This is a pop-up ball pool in West London (which alas is now closed). An awesome place to have your corporate meetings and presentations. Because technology is ultimately created to make our life more fun and easy, and allow flexibility, and not make us chained to our working desks! By the way, having fun helps you process the material much better!
Share if you agree ;))
Photocredit: The Independent, Time Out
Our awesome intern, Ghislaine Moolenar, volunteered to be a guinea pig and take up our free Digital Detox in a Week course. Here she shares her experience.
By Ghislaine Moolenar
Monday: The start of my Digital Detox. I must admit, I am scared. But this will be the start of the new Ghislaine! Not only am I now just doing it for myself, I’m also doing it for my long distance boyfriend, because as my reward for completing this, I get to see him.
Tuesday: I’ve turned off Facebook and Facebook messenger, Instagram, Snapchat and Whatsapp. To not have notifications popping up every second of the day felt amazing. Sometimes when I see the notification and I don't reply I feel bad, but because I wasn't seeing them, I almost had an ‘excuse’ that I didn't reply or look at it. It got a bit more difficult in the evening as this was the time I wanted to talk to people and look at notifications, but it did give me some time to myself. All in all, I would definitely do this again! I already feel less connected to my phone, and like I have no full-time commitment to it.
Wednesday was difficult. I’ve put my phone on airplane mode, and I do actually need Facebook and Twitter for my work but I will try it once I finish. I managed to have my phone on airplane mode for 2 hours, it felt nice not having anyone distract me, but I did go off airplane mode a few times as it was difficult to not talk to my boyfriend for that long *blushes*.
Thursday was probably the most difficult. I managed to put all my social media apps into a folder and turned off the notifications, but I definitely still went on them. It might have worked for a few hours, I also had an interview so that helped, but all this afternoon and evening I've been on it non-stop. I do feel disappointed with myself, but to go from going on it every day to nothing all day was a very big step.
Friday was difficult, however I managed to stay off my phone for two hours during dinner, being busy helped stay off it, but once I finished dinner it was more difficult to stay off my phone because people kept trying to contact. It felt like I was free from everyone for a bit, and I wasn't on call all the time and answer everyones needs straight away. I noticed that I had to put my phone away, turned over and on silent to not feel the need to look at it.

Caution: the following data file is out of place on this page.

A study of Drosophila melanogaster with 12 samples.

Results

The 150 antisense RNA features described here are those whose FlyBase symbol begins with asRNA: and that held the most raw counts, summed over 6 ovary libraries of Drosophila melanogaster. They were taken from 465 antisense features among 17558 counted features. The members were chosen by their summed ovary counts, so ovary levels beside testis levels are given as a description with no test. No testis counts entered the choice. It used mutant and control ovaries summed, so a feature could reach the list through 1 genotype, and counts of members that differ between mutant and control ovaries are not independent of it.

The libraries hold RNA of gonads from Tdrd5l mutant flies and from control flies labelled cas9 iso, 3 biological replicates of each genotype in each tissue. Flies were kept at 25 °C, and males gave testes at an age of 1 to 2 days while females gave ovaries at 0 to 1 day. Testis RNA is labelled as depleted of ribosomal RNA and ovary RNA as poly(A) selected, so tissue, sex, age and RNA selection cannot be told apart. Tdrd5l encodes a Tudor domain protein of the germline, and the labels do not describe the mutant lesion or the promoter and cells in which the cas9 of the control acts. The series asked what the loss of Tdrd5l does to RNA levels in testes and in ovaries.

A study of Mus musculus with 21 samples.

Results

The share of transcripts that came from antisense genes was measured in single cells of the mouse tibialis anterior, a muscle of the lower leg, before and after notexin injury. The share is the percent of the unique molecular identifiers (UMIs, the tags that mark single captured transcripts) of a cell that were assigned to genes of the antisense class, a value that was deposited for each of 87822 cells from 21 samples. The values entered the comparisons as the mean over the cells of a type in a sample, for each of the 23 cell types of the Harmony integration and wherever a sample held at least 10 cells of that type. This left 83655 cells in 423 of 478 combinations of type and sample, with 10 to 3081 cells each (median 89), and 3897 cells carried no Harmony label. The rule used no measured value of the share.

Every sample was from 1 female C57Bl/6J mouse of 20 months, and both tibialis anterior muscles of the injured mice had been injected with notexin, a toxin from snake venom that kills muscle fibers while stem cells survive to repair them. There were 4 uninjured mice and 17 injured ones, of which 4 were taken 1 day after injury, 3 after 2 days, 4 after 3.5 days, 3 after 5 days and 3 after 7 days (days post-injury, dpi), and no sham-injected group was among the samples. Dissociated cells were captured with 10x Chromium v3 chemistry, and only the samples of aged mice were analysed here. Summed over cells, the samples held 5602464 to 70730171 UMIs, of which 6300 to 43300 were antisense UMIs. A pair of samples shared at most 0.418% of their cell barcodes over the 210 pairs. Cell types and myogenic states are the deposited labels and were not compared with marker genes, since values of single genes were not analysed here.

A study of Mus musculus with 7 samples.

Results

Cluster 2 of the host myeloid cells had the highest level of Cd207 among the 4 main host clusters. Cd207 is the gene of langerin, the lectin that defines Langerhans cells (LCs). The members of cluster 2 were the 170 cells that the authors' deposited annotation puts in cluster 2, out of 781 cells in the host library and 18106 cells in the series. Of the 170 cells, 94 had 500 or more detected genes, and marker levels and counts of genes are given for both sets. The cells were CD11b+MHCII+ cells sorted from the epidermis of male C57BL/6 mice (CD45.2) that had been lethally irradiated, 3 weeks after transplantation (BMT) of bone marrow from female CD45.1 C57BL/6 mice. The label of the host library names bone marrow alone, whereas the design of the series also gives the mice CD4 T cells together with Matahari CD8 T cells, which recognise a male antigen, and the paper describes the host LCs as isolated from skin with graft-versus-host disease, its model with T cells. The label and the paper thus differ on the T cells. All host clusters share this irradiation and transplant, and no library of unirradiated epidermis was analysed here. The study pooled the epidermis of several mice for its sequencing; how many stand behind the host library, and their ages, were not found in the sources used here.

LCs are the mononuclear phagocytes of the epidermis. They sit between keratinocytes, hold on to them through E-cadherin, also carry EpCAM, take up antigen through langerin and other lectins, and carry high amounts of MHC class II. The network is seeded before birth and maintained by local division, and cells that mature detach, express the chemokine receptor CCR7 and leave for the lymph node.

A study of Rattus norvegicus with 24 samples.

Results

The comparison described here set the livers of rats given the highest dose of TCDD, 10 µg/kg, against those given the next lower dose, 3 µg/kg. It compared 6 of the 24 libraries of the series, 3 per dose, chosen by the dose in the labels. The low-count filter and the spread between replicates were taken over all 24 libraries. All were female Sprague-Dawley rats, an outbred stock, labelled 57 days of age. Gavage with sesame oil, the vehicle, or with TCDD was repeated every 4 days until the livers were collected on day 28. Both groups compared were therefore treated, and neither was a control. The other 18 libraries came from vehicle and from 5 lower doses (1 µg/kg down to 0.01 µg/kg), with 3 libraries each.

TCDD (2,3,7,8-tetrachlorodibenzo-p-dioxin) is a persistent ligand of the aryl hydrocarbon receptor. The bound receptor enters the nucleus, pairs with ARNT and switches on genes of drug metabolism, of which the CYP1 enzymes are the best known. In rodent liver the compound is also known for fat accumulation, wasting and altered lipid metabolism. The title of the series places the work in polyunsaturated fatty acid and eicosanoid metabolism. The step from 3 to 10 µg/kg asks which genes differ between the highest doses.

Sunday: I’ve noticed that being busy and not being able to connect to people straight away definitely helps with the digital detox, but once I was alone and easily reachable it was a lot more difficult, it’s a habit I definitely need to kick! I realised throughout this course that I can do it if I put my mind to it, but it is very difficult and I do need the encouragement, which this course has given me! It's been a real eye-opener. I now tend to leave my phone in one place for a while because I then don't have the tendency to look at it, rather than being next to me where I do. This course made me realize that there is so much more to being online, and being with my family and actually being there focused is a wonderful feeling.
PS sign up for our Digital Detox in a Week course - it starts every Monday, and is completely free!
Are you busy or productive today? Busy means you are switching between different devices and browser tabs, getting distracted by every incoming message, and increasingly experiencing a “so many things, so little time” feeling. I did it for a few days this week, and felt myself completely exhausted and unaccomplished. Online environment encourages us to try to control and accomplish as many things as possible. By doing this, we set ourselves up for failure, as it’s simply impossible to accomplish all of them.
A desire to accomplish more overwhelms our brain and inevitably pushes us into digital procrastination.
Being productive is different. Productivity is all about focus. To gain focus, you have to let go of things you won’t focus on – no matter how attractive or urgent they seem.
Here is one thing that helps me a lot and that you can do NOW to become productive, and stop digital procrastination.
Switch off all your devices and get in a place, where you won’t disturbed for the next five-ten minutes. Take three deep breaths (mandatory). Now answer these two questions:
Write it down on your piece of paper and put it on the screen of your laptop. Now you will be productive for the rest of the day. And be kind to yourself. Procrastination comes a result of pushing yourself too much, so give yourself a break from your work and devices every so often.
PS if you want to have more time for things that matter and stop feeling dependent on your gadgets, check our signature Declutter Your Digital Life in 6 Weeks self-study course. In six webinars, you will understand the nature of digital addiction and how to fight it, learn practical tools to manage your time, create your own digital control strategy, and understand what you do wrong when writing emails. The course has a special price for November!
Dr Anastasia Dedyukhina is a keynote speaker, author of Homo Distractus, professional coach and a pioneer of the Consciously Digital™ concept.